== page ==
Nepal's empty corridors of power

Prime Minister K P Oli visited Singha Darbar in nearly a year when he inaugurated the earthquake-damaged secretariat building on 15 February. Most of his Cabinet colleagues are also AWOL, and busy planning pro-Oli political rallies.

When Prime Minister K P Oli set foot in Singha Darbar on 15 February to inaugurate the Cabinet office rebuilt after the earthquake, it had been nearly a year since he had been to the seat of government.

In the courtyard of the palace first built by Chandra Shumshere Rana 100 years ago, he gave a two-hour speech highlighting his government’s achievements. Then he quickly drove back to his residence in Baluwatar.

Ostensibly, the prime minister stopped working out of his secretariat at Singha Darbar because his second kidney transplant in March 2020 made him vulnerable to coronavirus infection.

He did visit Singha Darbar briefly in April last year when he addressed the Non-Aligned Movement Conference from the Action Room of his office.

But ever since he dissolved the Lower House on 20 December and announced snap polls for April and May, Prime Minister Oli has been behaving as if he is on the election campaign trail. His public appearances have been limited to addressing street rallies, where he has lashed out at estranged Nepali Communist Party (NCP) co-chair Pushpa Kamal Dahal.

It is not just the prime minister who is AWOL from Singha Darbar. His Cabinet ministers also seem busy moonlighting. Finance Minister Bishnu Poudel, Minister of Industry Lekhraj Bhatta, Energy Minister Top Bahadur Rayamajhi, Education Minister Krishna Gopal Shrestha, and Law Minister Lilanath Shrestha have all been busy with firefighting within the NCP’s instead of attending to the country’s problems.

A secretary at Singha Darbar admitted to Nepali Times that ministers are rarely available for meetings at their ministries because they are too busy defending Oli from his rivals in the NCP.

“Prioritising internal party matters and a lack of government accountability poses a serious challenge to effective and impactful governance,” says former government secretary Khemraj Nepal.

The half-yearly review of the current budget released by the Ministry of Finance last week shows that only 14% of the capital expenditure allocated by the government for development (Rs50.8 billion out of Rs353 billion) had been spent as of December. This is less than what was spent during the first six months of the previous year.

Most development projects have also not met their spending targets. Figures show only Rs14 billion out of the Rs92 billion allocated to speed up the construction of 25 infrastructure projects had been utilised. Indeed, the Action Room set up at the Prime Minister's Office in Singha Darbar to accelerate national pride projects has not seen much action in Oli’s absence.

This means an economy already stagnant due to the pandemic is lagging behind in recovery because development projects are languishing due to government indifference.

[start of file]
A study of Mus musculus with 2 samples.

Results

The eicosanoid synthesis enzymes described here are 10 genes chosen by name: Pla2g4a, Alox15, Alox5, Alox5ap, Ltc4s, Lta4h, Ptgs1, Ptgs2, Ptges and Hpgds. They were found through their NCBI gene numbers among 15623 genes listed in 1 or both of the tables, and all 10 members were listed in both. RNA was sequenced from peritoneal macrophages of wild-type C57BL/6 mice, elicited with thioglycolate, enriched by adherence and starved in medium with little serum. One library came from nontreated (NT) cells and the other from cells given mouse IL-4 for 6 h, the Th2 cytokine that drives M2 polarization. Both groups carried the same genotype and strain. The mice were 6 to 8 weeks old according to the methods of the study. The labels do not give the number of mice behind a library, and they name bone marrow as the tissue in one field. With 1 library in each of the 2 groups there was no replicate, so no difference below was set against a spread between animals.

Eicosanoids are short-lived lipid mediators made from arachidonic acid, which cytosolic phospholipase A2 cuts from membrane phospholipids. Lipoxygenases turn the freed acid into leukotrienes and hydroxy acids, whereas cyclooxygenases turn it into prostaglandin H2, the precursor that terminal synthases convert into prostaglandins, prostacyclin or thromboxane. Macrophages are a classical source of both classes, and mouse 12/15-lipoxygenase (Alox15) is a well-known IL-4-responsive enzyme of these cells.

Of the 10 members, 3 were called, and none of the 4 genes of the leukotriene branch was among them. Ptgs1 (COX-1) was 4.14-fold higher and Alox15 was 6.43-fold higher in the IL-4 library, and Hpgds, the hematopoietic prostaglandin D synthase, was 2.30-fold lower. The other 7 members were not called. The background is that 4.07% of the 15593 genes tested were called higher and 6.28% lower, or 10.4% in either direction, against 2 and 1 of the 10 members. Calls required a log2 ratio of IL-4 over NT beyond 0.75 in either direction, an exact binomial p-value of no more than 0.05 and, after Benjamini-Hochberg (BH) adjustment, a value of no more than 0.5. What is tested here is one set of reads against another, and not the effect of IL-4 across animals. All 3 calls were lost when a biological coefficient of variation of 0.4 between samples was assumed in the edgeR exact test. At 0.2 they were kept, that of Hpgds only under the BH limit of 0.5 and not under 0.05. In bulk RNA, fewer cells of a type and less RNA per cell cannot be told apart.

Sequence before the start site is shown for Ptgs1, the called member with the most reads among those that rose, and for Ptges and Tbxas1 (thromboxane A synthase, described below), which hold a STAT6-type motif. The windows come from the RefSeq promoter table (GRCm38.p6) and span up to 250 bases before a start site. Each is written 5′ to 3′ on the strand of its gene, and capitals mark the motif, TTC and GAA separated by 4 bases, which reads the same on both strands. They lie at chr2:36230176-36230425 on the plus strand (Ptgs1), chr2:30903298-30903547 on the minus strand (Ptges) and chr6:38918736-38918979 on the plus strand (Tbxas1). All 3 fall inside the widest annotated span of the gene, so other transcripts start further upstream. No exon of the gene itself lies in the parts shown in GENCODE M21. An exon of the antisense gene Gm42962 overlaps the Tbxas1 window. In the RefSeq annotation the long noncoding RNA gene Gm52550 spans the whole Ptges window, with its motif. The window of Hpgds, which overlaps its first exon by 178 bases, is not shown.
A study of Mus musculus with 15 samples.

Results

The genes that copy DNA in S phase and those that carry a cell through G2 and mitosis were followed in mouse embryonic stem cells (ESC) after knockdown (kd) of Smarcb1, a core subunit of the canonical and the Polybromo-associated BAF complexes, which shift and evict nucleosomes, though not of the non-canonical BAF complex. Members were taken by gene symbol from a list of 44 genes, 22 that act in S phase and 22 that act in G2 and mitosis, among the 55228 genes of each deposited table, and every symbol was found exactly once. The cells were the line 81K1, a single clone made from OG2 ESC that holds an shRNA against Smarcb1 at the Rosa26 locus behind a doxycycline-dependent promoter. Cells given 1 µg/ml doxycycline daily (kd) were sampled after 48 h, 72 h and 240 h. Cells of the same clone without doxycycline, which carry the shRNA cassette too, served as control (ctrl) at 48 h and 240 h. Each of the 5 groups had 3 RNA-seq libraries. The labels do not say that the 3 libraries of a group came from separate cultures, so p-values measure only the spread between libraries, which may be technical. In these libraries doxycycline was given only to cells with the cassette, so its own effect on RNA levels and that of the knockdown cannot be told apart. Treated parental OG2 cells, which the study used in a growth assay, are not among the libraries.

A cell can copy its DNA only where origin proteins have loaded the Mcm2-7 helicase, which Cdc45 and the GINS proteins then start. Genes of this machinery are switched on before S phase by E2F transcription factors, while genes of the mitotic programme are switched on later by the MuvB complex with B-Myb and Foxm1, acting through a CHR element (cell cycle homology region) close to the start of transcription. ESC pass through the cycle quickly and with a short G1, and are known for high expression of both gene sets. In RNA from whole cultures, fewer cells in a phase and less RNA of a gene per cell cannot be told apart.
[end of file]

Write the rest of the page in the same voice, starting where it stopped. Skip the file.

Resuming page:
Oli had pledged Rs300 million from government coffers to add a golden सुनको जलहरी pendant at Pashupatinath during his controversial visit to the temple in January. His decision, an impulsive response to the request by the Pashupati Area Development Fund, was made without prior discussion with advisers.

This is perhaps one of the few activities of the government that is actually being fast-tracked so the inner sanctum of the temple has the expensive gold pendant in time for Shivaratri on 11 March.

Pashupati was not the first time Oli dropped a surprise. A former secretary says the prime minister’s habit of making ad hoc spur of the moment decisions from Baluwatar without consulting experts is wasteful. Only Oli’s adviser and confidante Bishnu Rimal is said to have the prime minister’s ear on most matters.

Giriraj Mani Pokhrel, a former minister in the Oli administration, recalls many such impulsive decisions at Cabinet meetings that went against the government’s own strategy.

Even former Finance Minister Yuvraj Khatiwada, a workaholic who prefers to keep strict office hours, has criticised the ‘out-of-office’ culture of the prime minister and his Cabinet colleagues.

Another senior government official told Nepali Times said the state machinery was in complete disarray due to the prime minister’s lackadaisical attitude towards governance. Not only has Oli been out of touch with his ministers, but the ministers are also not discussing important issues with their secretaries, thus disrupting the entire chain of communication within Singha Darbar.

"Because the PMO in Baluwatar functions as a parallel seat of government, morale is very low in Singha Darbar,” the official says.

Former Finance Secretary Shantaraj Subedi says ministers have the responsibility of carrying through the government’s programs, managing the budget and making policy decisions. "If the minister does not show up, and does not take his work seriously, there will be no result,” Subedi says.

Most ministers these days do not even bother to come to Singha Darbar. They either work from their residences, or are attending political rallies in support of the prime minister, or planning them with their cronies.